Do you use injectable medication to treat your rheumatoid arthritis (RA)? Injecting yourself with prescribed medications can be challenging. But there are strategies that you can use to help take the sting out of injections.
Consider trying these nine tips for making your RA injections easier.
Some types of RA drugs are available in easy-to-use auto-injectors. These devices typically consist of spring-loaded syringes with premeasured doses of medication. You might find them easier to use than manual syringes. Ask your doctor or pharmacist if auto-injectors are available with your prescribed drug.
While some insurance plans cover auto-injectors, others don’t. If you have health insurance, consider contacting your provider to ask if auto-injectors are covered.
Consider asking your doctor or pharmacist to provide syringes with small needles. For example, the syringes designed for insulin injections typically have needles that are very short and thin. You might find them easier and less painful to administer than syringes with larger needles. Small needles may also help limit the risk of bleeding.
While some medications should be stored at room temperature, others should be refrigerated. If you store your prescribed medication in the refrigerator, take it out about 30 minutes before your injection. Allow it to reach room temperature to reduce your risk of adverse reactions. To warm it more quickly, hold the medication under your arm.
You will need to inject your prescribed medication into a subcutaneous layer of fat —that is, a layer of fat just below your skin. To limit pain and scarring, don’t give yourself a shot in the same place every time. Instead, rotate your injection sites in a regular pattern. Each time you give yourself an injection, stay at least 1 inch away from your previous injection site. If it helps, you can use a calendar or smartphone app to track your injection sites.
In general, subcutaneous injections can be given in:
- your abdomen
- your buttocks
- the top of your thighs
- the outer surface of your upper arm
When you inject your abdomen, avoid your bellybutton and waistline areas. If you’re very thin, you might need to avoid your abdomen altogether.
For easier and more comfortable injections, don’t inject medication into scar tissue or stretch marks. To limit bruising, avoid injecting areas with visible small blood vessels. You should also try to avoid areas that are tender, bruised, red, or hard.
To numb the injection site, apply an ice pack or ice cube to your skin for a few minutes beforehand. Wrap the ice pack or ice cube in a thin cloth to protect your skin from frostbite. Taking an over-the-counter (OTC) pain reliever, such as ibuprofen, can also help limit pain and discomfort.
Positive or meditative self-talk might help motivate and calm you. Consider developing a mantra that you can repeat to yourself while you prepare and administer your injection. For example, it might help to chant “this will reduce my pain” or “it’s worth it” over and over until you’re done. Alternatively, it might help to count your breaths or slowly count to 15 while you inject yourself.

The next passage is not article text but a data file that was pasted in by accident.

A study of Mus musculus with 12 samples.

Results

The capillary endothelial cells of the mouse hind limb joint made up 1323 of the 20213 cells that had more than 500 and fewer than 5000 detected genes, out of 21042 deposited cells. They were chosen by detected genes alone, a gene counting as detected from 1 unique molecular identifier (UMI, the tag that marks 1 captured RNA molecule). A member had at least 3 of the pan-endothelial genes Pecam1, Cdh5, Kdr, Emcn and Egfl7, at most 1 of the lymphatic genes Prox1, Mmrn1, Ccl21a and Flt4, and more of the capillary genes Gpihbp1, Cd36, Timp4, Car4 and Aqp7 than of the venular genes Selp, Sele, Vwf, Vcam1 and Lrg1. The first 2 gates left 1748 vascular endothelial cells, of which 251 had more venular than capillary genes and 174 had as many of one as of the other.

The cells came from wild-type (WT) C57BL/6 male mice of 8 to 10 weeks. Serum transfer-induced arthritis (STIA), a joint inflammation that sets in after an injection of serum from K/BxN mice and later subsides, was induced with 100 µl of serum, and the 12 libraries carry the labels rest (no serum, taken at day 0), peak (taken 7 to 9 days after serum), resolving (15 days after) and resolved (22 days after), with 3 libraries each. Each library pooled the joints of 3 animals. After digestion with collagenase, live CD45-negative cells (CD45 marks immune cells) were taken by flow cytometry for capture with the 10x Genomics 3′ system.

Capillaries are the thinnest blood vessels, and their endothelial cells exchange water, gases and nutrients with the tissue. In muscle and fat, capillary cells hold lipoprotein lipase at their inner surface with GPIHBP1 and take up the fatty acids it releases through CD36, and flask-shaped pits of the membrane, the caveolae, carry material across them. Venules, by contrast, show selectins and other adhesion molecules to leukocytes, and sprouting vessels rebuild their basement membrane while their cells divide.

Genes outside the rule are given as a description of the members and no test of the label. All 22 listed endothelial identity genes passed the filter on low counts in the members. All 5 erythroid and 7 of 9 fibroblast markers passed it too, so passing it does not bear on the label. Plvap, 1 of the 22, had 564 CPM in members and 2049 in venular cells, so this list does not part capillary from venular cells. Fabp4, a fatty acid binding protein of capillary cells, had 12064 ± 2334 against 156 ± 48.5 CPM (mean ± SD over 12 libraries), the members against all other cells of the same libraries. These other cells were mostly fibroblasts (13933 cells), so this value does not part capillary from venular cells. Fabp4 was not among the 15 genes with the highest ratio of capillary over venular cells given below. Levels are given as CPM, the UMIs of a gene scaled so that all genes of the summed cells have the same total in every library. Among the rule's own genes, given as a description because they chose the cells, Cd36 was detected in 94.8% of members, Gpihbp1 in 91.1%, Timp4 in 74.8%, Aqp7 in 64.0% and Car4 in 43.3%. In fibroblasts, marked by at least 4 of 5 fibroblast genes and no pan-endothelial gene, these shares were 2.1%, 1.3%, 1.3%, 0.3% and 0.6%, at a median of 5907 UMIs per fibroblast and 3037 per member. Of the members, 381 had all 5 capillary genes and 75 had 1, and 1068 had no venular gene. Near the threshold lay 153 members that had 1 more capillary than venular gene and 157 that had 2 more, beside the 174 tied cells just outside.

Injection-site reactions are relatively common. They can cause symptoms such as redness, swelling, itching, or pain around the area that you’ve injected. To treat mild symptoms, consider using a cold compress, topical corticosteroids, oral antihistamines, or OTC pain relievers. If your symptoms get worse or last for longer than five days, contact your doctor.
If you develop symptoms of a severe reaction following an injection, such as trouble breathing, fainting, or vomiting, contact emergency medical services (911).
Before you give yourself an injection, it’s important to learn how to properly prepare and administer it. Follow the directions provided by your healthcare provider or drug manufacturer. Consider asking your doctor, nurse, or pharmacist to demonstrate the proper technique.
If you find it easier to receive injections from someone else, consider enlisting a loved one to help. They can accompany you on your next doctor’s appointment to learn how to give injections.
It might also help to connect with other people who live with RA. They may be able to share tips and words of encouragement to help you learn how to self-inject medications and manage anxieties related to self-injection. Consider joining an in-person or online support group for people with RA.
Self-injectable medications for RA can be tricky and uncomfortable to administer. But they can also provide relief from painful symptoms and help you live a more comfortable and active life. It’s important to learn how to properly prepare and administer your injections. Simple strategies for easy injections can help you manage this aspect of your treatment plan.